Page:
PMID: 6905762May 1, 1980

Effect of vanadate on myocardial force of contraction

Basic Research in Cardiology
H ScholzE Wetzel

Abstract

Ammonium vanadate (NH4VO3; 50-1000 microM) increases the force of contraction of isolated electrically driven cat papillary muscles in a concentration-dependent manner. The positive inotropic effect (PIE) of NH4VO3 became significant at 50 microM and was maximal at 500 to 1000 microM. It was accompanied by an increase in the rate of force development, in the rate of relaxation and in relaxation time of the isometric contraction. Similar results as with NH4VO3 were also observed in the presence of 1 microM propranolol, 5 microM phentolamine or after reserpine-pretreatment (5 mg/kg i.p.). These results indicate that vanadate produces a direct PIT in ventricular cardiac muscle which is unlikely to be mediated by alpha- or beta-adrenoceptor stimulation. In cat left atrial strips, however, vanadate ions produced a negative inotropic effect through a hitherto unknown mechanism. Vanadate effects similar to those observed in the cat heart were obtained in ventricular and atrial preparations from bovine hearts.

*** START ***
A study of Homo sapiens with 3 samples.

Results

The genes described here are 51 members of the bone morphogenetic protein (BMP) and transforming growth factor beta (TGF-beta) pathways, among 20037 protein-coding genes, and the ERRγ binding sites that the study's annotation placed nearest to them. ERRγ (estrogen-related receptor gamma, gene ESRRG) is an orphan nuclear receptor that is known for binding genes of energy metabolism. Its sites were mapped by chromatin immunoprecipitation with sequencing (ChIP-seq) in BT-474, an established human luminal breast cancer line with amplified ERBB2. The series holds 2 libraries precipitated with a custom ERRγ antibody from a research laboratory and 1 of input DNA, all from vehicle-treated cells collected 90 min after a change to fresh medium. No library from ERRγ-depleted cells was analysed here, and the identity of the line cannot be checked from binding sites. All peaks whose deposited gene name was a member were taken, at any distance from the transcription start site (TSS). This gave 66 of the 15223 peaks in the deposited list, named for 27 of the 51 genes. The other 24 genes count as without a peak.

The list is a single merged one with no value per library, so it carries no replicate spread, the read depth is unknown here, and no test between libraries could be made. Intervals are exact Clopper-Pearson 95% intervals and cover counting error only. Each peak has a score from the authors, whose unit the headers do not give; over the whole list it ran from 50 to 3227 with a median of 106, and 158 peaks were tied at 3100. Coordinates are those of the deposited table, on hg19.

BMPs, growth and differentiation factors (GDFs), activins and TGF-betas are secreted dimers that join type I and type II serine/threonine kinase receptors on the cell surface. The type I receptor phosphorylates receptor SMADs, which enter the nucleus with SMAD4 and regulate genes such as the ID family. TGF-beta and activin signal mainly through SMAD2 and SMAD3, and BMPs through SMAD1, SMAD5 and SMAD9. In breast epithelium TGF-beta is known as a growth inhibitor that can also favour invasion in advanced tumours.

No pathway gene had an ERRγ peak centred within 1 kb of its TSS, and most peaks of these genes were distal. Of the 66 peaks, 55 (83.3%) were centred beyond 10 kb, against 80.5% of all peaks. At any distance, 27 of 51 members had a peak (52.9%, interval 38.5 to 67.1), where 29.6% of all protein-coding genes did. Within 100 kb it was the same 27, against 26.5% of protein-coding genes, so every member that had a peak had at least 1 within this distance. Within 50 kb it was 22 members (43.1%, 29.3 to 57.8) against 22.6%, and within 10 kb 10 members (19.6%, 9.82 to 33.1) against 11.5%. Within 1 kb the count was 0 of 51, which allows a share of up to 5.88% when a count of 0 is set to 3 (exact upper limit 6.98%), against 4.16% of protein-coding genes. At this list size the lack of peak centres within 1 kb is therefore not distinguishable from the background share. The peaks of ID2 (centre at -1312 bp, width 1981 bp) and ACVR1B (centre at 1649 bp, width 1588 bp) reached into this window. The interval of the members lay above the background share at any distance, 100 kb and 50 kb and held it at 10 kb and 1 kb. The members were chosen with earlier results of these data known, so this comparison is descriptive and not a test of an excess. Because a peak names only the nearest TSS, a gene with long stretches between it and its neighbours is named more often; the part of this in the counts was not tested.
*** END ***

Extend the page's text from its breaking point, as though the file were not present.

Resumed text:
Citations

May 1, 1980·Basic Research in Cardiology·W SchmitzE Wetzel

Related Concepts

Metazoa
Felis catus
Bos indicus
Right Atrial Structure
Myocardial Contraction
Structure of Papillary Muscle
Z-Max
Rexigen
V-Serp
Monovanadate

Related Feeds

Adrenergic Receptors: Trafficking

Adrenergic receptor trafficking is an active physiological process where adrenergic receptors are relocated from one region of the cell to another or from one type of cell to another. Discover the latest research on adrenergic receptor trafficking here.